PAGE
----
Enterprise Architecture is about how an organization is aligned to its Mission and Vision. A Vision is a high-level sketch while the Architecture is more detailed. One way to conceptualize the architecture and express it through a Vision is to use Business Capabilities.

A Capability is a stable, strategic concept to achieve a desired effect. It is used for Strategic Planning to implement a Strategy. Also it’s useful for briefing leadership, including such concepts as a capability gap and a capability increment. It provides a clear strategic thinking framework without the clutter of the details.

A Vision of the Operations, or the Concept of Operations (CONOPS), expressed via Business Capabilities, allows to quickly grasp what the organization is trying to do, and how it intends to do it. It shows external stakeholders, a supply chain, and internals in terms of capabilities.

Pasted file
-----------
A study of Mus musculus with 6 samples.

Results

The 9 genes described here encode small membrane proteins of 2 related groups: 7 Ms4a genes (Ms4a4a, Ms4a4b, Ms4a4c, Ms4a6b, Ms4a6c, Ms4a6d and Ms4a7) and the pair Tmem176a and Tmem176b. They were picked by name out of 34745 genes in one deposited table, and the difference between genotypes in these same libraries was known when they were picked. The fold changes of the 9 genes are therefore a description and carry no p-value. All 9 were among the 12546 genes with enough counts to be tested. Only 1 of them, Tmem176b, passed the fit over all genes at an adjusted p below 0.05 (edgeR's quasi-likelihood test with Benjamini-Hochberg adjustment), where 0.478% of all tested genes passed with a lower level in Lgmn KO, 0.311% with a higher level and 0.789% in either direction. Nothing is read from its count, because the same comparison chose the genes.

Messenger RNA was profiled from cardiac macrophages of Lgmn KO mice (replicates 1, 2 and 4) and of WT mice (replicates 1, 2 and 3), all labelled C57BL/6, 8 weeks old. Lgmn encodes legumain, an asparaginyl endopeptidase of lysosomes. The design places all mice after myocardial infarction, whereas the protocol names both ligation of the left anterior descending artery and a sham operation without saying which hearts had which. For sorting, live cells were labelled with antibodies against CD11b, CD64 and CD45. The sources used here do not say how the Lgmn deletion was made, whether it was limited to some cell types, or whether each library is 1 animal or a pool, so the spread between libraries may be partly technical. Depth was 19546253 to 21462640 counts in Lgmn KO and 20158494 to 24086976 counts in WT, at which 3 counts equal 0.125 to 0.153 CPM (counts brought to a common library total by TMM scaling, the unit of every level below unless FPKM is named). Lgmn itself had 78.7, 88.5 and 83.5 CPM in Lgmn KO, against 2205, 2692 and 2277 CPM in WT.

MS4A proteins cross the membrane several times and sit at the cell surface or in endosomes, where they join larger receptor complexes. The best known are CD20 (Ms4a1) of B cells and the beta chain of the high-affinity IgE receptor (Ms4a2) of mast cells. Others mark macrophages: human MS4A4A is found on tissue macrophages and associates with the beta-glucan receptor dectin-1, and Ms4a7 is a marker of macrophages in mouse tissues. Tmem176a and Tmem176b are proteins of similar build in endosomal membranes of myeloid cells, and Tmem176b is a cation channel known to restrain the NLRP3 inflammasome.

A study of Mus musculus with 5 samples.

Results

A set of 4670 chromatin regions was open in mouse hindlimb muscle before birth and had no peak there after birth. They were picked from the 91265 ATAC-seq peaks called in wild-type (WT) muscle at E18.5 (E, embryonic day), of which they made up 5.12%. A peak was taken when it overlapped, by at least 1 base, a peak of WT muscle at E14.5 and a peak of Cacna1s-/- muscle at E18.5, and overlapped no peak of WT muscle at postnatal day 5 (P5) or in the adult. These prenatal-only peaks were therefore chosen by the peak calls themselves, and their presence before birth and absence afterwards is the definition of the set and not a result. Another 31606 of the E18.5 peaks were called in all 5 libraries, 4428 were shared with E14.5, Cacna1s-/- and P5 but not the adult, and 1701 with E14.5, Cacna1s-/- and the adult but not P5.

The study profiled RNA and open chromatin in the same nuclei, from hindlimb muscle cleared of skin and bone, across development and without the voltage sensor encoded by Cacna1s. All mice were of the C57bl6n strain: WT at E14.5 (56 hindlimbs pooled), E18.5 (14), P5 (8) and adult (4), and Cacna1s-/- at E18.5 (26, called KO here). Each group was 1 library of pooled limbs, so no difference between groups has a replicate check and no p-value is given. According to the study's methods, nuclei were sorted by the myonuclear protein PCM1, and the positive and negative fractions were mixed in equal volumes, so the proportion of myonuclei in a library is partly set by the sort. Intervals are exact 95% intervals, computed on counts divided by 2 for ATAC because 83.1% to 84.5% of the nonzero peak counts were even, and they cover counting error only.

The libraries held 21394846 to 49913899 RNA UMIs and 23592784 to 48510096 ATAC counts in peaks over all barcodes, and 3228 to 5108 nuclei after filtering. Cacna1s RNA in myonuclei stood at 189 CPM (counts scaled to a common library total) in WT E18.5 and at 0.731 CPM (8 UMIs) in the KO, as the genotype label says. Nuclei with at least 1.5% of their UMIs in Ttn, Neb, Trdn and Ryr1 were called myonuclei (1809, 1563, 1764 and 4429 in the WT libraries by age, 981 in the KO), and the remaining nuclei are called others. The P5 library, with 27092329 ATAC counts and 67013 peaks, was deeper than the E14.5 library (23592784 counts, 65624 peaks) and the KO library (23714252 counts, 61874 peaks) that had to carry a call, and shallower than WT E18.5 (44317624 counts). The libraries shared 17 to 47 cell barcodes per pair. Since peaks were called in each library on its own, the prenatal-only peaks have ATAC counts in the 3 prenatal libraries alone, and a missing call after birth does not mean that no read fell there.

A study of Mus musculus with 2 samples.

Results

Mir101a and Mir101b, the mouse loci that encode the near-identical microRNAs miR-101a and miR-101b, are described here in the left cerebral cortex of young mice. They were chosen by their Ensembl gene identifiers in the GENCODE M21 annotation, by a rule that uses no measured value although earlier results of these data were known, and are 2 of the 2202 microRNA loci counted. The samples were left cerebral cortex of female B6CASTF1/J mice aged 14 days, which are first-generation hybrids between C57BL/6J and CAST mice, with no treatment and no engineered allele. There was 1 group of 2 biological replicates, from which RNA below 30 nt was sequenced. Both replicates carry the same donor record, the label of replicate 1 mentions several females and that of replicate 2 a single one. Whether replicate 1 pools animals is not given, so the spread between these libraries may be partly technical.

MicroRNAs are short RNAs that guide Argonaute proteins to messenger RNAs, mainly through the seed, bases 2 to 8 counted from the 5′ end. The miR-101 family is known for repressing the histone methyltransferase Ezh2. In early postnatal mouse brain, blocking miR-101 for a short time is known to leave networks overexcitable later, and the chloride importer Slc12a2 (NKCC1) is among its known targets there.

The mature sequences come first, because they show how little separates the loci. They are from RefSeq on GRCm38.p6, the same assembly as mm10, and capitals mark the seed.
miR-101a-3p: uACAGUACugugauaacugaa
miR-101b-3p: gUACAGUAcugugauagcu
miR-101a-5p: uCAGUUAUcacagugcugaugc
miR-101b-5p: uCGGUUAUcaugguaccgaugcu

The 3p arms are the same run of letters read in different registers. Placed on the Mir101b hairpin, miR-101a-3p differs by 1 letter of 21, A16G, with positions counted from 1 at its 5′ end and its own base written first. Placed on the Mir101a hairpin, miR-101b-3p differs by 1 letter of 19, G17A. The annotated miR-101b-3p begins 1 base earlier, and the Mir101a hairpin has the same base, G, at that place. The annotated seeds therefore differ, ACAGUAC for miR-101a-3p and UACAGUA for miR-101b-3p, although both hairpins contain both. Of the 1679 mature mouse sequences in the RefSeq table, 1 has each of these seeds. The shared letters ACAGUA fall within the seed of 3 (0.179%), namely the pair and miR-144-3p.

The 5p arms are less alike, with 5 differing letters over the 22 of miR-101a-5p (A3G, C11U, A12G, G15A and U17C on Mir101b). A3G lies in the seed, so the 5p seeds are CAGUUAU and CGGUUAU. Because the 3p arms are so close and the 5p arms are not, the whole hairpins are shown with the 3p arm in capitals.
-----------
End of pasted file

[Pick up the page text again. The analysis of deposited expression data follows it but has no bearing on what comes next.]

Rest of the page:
Here is an example of the major elements of the CONOPS diagram. It contains the boundary of the enterprise, external stakeholders, and internal capabilities.

Now we can get people on the same page. If we stick to the same common language of capabilities, we can talk about capability gaps, and capability-based planning, and capability increments. We can change processes, applications, technologies while keeping the same capability concepts. Also, we can add or remove capabilities. It’s a simple, high-level, strategic LEGO game.

A CONOPS graphics helps to visualize the architecture of the complex organization, and connect different parts in a meaningful manner. That image-making creates a shared understanding of what is, and what is to be. It creates consistency over time and survives the chaos of the projects.

Now, for each capability or a set of the related capabilities, we can apply a concept of the segment architecture. Each segment is responsible for specific capabilities. A Segment contains program offices and shows a different perspective of the org chart. This way a conversation can continue on the implementation side, and give a proper understanding and a meaning to project managers and contractors on what exactly they are doing.